Wayward peregrine falcon under care of Honolulu Zoo
POSTED: Friday, January 30, 2009
|This story has been corrected. See below.|
A peregrine falcon that apparently flew thousands of miles from North America to Hawaii is now recovering at the Honolulu Zoo from a broken beak and other injuries.
"It apparently flew into something," said Keith Swindle, special agent with the U.S. Fish and Wildlife Service. "It had broke its beak and cracked its keel," part of the bird anatomy similar to a human breastbone.
The falcon, a member of a breed that nests in Alaska and Canada, was found tired and thirsty in October near the Kahe Power Plant in Nanakuli. The Hawaiian Humane Society captured it and turned it over to exotic-bird experts at the Aloha Animal Hospital in Kahala.
Doctors at the hospital had the bird X-rayed, given antibiotics and force-fed because it could not eat.
"It was thin and weak and dehydrated," said veterinarian Dr. Douglas Chang. "Its upper beak was damaged and torn off."
Chang and fellow veterinarian Dr. Karin Fujitani used dental acrylic to build a prosthetic beak so the bird could eat on its own.
"He got to using it really good," Chang said.
As the bird devoured mice and chicks, the artificial beak eventually broke off. Chang used a metal pin to secure the second artificial beak.
In December the bird was turned over to the Honolulu Zoo so it could live in a larger cage and practice flying and hunting.
Swindle, of the Fish and Wildlife Service, said it is not unusual for a peregrine falcon, whose name means wanderer, to fly to Hawaii. As many as three are seen every winter in Hawaii.
And while this bird was in captivity, another falcon was spotted near Makapuu Point.
Flying 2,500 or so miles over ocean is not unusual for birds, either. Hawaiian petrels, an endangered seabird, fly 7,500 miles during a single flight in search of food, Swindle said.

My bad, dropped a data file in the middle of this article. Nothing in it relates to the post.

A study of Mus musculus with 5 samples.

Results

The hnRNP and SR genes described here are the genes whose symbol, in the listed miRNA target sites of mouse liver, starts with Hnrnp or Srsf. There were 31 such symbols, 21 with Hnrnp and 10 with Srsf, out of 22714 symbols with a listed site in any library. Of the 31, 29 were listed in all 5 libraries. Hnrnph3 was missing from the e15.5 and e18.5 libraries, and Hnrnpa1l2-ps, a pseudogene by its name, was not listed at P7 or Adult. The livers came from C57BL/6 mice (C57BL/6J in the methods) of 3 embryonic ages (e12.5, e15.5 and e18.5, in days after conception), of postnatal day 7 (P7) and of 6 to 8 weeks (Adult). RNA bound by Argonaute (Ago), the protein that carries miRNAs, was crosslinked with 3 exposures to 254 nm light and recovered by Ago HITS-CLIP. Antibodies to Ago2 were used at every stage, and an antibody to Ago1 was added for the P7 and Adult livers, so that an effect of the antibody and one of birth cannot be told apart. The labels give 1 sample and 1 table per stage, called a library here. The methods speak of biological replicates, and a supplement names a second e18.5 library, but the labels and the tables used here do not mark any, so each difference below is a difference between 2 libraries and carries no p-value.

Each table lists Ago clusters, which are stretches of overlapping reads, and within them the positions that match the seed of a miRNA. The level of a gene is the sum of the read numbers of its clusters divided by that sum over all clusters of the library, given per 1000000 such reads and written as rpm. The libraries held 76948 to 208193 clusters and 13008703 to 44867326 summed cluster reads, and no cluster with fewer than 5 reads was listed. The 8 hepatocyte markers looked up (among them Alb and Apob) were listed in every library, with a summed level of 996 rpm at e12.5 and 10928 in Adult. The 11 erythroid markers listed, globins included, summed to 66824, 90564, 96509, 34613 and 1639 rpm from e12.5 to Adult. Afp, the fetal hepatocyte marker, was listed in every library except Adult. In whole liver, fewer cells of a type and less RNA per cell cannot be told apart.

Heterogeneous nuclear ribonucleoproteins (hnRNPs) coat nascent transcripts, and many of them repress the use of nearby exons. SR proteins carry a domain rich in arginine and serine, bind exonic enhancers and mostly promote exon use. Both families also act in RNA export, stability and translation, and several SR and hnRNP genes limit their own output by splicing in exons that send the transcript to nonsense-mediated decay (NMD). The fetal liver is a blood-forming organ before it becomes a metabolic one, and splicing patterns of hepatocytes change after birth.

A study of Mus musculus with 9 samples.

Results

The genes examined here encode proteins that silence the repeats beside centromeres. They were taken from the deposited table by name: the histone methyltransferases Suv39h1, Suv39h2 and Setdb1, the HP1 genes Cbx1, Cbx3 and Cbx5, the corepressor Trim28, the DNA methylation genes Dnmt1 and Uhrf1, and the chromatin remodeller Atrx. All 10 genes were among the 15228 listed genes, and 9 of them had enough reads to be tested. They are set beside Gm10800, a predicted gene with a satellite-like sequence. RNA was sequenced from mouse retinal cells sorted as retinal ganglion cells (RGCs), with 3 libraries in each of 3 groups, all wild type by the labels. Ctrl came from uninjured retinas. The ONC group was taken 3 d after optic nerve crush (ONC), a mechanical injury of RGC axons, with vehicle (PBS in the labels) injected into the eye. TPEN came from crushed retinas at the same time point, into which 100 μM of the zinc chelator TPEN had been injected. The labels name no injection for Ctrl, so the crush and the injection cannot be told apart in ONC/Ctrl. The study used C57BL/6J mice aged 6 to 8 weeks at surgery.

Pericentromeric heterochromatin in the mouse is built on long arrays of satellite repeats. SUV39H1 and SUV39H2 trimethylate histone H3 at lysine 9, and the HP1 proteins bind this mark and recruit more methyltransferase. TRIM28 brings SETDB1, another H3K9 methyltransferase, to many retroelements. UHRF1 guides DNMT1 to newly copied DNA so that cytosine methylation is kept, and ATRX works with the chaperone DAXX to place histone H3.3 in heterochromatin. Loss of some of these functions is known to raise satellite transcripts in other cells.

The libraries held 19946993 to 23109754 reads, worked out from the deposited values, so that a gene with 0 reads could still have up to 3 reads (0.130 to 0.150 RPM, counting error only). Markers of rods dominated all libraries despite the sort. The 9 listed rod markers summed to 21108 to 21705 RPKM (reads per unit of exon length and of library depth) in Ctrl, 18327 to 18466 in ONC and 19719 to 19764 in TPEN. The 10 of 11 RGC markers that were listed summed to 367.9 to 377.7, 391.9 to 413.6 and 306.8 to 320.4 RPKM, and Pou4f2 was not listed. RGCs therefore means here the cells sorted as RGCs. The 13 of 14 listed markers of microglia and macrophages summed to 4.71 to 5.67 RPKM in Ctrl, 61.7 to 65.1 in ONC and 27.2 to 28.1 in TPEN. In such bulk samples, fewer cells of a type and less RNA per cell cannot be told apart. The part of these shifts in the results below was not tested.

Peregrine falcons are found on all continents except Antarctica. They hunt by diving, as fast as 200 mph, into other birds in midair. The arctic peregrine migrates from Canada to South America during the winter.
Officials said the bird was a juvenile, and could not tell its gender. The usual difference between the sexes is that adult females are larger than males.
Honolulu Zoo veterinarian Dr. Ben Okimoto said the bird has lost its second artificial beak but grew back enough of its own beak to eat, feeding on day-old lifeless chicks.
At about 1.1 pounds the bird is still light for falcons, which usually weigh between 1.3 and 3.3 pounds.
The U.S. Fish and Wildlife Service plans to turn over the falcon to a bird specialist on the West Coast who can train the bird to hunt again.
"The ultimate goal is to release the bird into the wild," Swindle said. "When you see it, it's a really wild bird. They're very aggressive and really active. They're not used to just sitting around."
This article originally said an injured peregrine falcon found near Kahe Point weighed 11 pounds. It weighed 1.1 pounds. The story also said falcons usually weigh between 13 and 33 pounds. They weight between 1.3 and 3.3 pounds.